After two non-violent rounds, Viswanathan Anand and Magnus Carlsen were involved in a serious confrontation over the board.

Watched by former World champion Garry Kasparov — a known Carlsen supporter — the silent but serious debate, interspersed with brief stares that reflected their resolve to find a decisive outcome, lasted 51 moves spread over four hours.

There were stages in the game which Anand controlled and raised visions of drawing first blood. It is to Carlsen’s credit that he discovered his resources in time to defend adequately. Eventually, a third successive draw, that also tested the players’ time-management skills, did not separate the two title-aspirants.

But there was good news for Anand’s fans.

For the second time with black pieces, Anand was in control throughout the game. He pushed Carlsen around in the middle game where the Norwegian is known to step up the pace. Anand may not have taken the lead, but he looks confident. He is showing good form and signs of getting even better.

No wonder, Carlsen found his own position in the middle game “scary” and admitted, “I made a couple of misjudgements in the middle-game. My position was worse. I don’t know, I made it even worse. I underestimated the position (after Anand’s 27th move), I didn’t have any idea what was going on. I’m just happy to survive.”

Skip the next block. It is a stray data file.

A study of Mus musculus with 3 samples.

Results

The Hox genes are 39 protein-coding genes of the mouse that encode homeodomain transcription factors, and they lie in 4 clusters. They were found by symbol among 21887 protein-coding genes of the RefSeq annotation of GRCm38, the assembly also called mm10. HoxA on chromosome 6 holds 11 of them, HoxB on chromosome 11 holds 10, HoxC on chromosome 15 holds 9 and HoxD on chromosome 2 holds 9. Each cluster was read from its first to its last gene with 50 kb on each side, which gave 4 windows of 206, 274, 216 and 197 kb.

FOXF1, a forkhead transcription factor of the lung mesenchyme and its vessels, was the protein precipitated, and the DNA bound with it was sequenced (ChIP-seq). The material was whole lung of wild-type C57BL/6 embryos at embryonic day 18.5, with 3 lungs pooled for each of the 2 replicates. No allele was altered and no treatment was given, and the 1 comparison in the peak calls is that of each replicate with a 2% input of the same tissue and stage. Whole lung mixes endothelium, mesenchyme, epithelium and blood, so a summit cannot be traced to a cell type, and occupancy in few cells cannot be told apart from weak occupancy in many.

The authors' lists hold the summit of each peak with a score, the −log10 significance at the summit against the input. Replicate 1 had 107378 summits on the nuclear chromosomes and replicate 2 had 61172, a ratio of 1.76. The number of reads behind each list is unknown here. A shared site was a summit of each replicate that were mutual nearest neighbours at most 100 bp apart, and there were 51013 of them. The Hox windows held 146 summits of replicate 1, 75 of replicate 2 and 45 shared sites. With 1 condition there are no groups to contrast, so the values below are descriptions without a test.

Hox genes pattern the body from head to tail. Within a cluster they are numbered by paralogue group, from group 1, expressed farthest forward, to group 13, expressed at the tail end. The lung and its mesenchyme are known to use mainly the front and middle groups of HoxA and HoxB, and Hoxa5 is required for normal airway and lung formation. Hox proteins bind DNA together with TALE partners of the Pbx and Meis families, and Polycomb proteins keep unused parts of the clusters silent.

After Carlsen chose to test the Indian for a second time in Reti Opening, the players varied early from the line seen in the first game. In fact, the two followed the opening sequence seen in the Yuri Kuzubov-Parimarjan Negi game of 2011 until Anand deviated with an interesting knight manoeuvre that instantly generated interest among those watching.

It was Carlsen’s 28th move, when he pushed a central-pawn, that gave Anand the initiative. Suddenly, there was a possibility of Anand gaining a queenside-pawn — which he eventually did — but Carlsen’s sense of danger and his timely defence denied the Indian.

Carlsen did well to keep Anand at bay till he extricated his queen from the bottom right-corner of the board. Thereafter, he actively countered Anand’s threats to neutralise the position. There was a possibility of Anand keeping alive his chances of a possible win ensuring the presence of the queens on the board while exchanging the rest of the pieces.

As in cricket, where the advanced technology-aided television replays make umpires look fallible, chess ‘engines’ offering optimum moves in any given position colour the judgement of those using them.

To be fair to the players, certain options filtered out by these ‘engines’ are almost impossible for the human brain to find out over the board in the given time constraints.

One such situation was seen during the game on this day. With both players requiring to hurry in order to complete 40 moves in their stipulated two hours of thinking time, Anand was convinced that his advantage was not enough to deny Carlsen the counter-play.

“Each time I go on a pawn-hunting expedition, he generates enough counter-play. Even when the queen floated around (on the fourth rank), it looked so close, but I didn’t see what I could do.”

Carlsen’s response summed up the day for him. “Maybe, I had enough play. But it was scary.”